Xavier Students' Exhibit is Bittersweet

May 6, 2009

Xavier University students will host an opening of their exhibit "Bittersweet: The History of Sugar in North America" Wednesday, May 6, at the Market House at Findlay Market from 4:30-6:00 pm. The exhibit focuses on sugar production and consumption in North America from the colonial era through WWI.

 

“The purpose of this exhibit is to encourage people to think about why they eat what they eat, and where it comes from,” said Dr. Karim Tiro, Xavier associate professor of history, who led the project.

 

The exhibit will run until July 5, 2009, at Findlay Market, Ohio’s oldest continually-operating public market. The market is located at 1801 Race Street, Cincinnati, Ohio, in the historic Over-the-Rhine neighborhood. It will be open during normal marketplace operating hours and is free of charge.

 

The location of the exhibit at a public market is appropriate given that it focuses on how sugar came to be a central element of the modern diet. The exhibit also highlights the connection between sugar's rise and the rise of slavery.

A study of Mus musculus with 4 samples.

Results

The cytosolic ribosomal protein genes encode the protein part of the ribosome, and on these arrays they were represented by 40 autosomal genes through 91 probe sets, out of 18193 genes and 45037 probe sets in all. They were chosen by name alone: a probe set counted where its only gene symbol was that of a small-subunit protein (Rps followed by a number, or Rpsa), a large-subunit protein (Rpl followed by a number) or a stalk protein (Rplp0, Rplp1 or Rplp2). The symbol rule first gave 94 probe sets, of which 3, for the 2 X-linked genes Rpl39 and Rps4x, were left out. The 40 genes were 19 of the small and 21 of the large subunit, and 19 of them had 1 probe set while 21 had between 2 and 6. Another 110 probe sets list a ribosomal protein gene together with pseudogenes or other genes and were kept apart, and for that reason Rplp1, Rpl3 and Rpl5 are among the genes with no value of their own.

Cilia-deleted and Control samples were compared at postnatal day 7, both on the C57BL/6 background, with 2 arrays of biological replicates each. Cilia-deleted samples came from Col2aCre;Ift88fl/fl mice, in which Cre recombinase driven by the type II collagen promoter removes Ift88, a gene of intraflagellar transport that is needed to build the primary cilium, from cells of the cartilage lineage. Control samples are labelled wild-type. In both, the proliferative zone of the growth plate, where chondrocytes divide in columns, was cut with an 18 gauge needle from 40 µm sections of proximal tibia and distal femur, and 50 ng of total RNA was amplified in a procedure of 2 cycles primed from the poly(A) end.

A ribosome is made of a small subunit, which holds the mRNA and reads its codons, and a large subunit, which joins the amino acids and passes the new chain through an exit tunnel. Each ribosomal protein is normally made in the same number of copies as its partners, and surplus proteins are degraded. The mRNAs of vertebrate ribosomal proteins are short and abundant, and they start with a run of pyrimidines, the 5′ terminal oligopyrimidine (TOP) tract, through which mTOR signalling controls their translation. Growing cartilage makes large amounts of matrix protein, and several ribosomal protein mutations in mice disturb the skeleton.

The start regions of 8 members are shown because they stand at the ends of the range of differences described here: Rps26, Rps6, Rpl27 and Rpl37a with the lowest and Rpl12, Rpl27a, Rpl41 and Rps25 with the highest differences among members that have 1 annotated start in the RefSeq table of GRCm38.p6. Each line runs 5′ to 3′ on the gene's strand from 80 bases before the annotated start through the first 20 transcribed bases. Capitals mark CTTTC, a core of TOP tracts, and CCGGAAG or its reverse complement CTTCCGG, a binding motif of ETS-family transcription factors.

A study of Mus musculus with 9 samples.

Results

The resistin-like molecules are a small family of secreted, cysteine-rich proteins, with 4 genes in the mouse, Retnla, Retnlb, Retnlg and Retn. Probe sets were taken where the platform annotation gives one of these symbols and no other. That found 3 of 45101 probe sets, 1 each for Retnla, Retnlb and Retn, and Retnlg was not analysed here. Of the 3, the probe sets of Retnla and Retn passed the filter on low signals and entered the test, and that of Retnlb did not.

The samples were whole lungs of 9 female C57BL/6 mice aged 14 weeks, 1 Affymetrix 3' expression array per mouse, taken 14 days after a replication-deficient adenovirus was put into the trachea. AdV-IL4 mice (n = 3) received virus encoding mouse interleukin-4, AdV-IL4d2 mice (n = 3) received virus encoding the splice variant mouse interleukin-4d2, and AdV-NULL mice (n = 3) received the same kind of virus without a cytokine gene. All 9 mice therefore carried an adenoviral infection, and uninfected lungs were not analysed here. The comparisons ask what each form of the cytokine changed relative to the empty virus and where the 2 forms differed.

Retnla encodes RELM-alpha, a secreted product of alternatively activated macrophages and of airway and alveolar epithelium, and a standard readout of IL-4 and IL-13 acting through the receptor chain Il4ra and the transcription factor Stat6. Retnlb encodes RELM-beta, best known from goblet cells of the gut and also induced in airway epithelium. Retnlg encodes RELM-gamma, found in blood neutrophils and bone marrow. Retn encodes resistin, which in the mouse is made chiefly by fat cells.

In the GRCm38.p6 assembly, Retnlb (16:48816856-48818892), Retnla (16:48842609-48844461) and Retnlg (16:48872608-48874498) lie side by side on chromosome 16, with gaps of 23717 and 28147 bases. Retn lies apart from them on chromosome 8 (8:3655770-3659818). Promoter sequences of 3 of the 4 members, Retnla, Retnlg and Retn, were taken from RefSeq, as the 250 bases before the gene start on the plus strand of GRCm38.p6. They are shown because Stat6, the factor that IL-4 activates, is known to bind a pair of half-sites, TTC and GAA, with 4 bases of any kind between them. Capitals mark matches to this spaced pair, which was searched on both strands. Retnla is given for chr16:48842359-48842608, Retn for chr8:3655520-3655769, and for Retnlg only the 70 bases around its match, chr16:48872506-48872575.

This exhibit was the result of students’ work for two history seminar classes at Xavier that focused on museums and public history. Students’ tasks ranged from researching the history of Hershey’s chocolate to building a model sugar mill. “Bittersweet” features images and artifacts related to sugar from the 16th through the early 20th centuries. It is made possible by Xavier University, the Ohio Humanities Council, and the Corporation for Findlay Market.

 

Xavier students also worked on a satellite exhibit entitled "Sugar and the Body: Historical Treasures from the Lloyd Collections." It will be at the Lloyd Library, 917 Plum Street, from May 2 to 26 and is also free and open to the public. Library hours are Monday-Friday 8:30 – 4:00 and the number is 513-721-3707. This exhibit focuses on centuries-old debates about the merits and hazards of sugar.

 

Tiro is known for his creative and whimsical, yet practical, courses. He previously taught a class on the History of the Pig in America, which was nationally recognized in the media.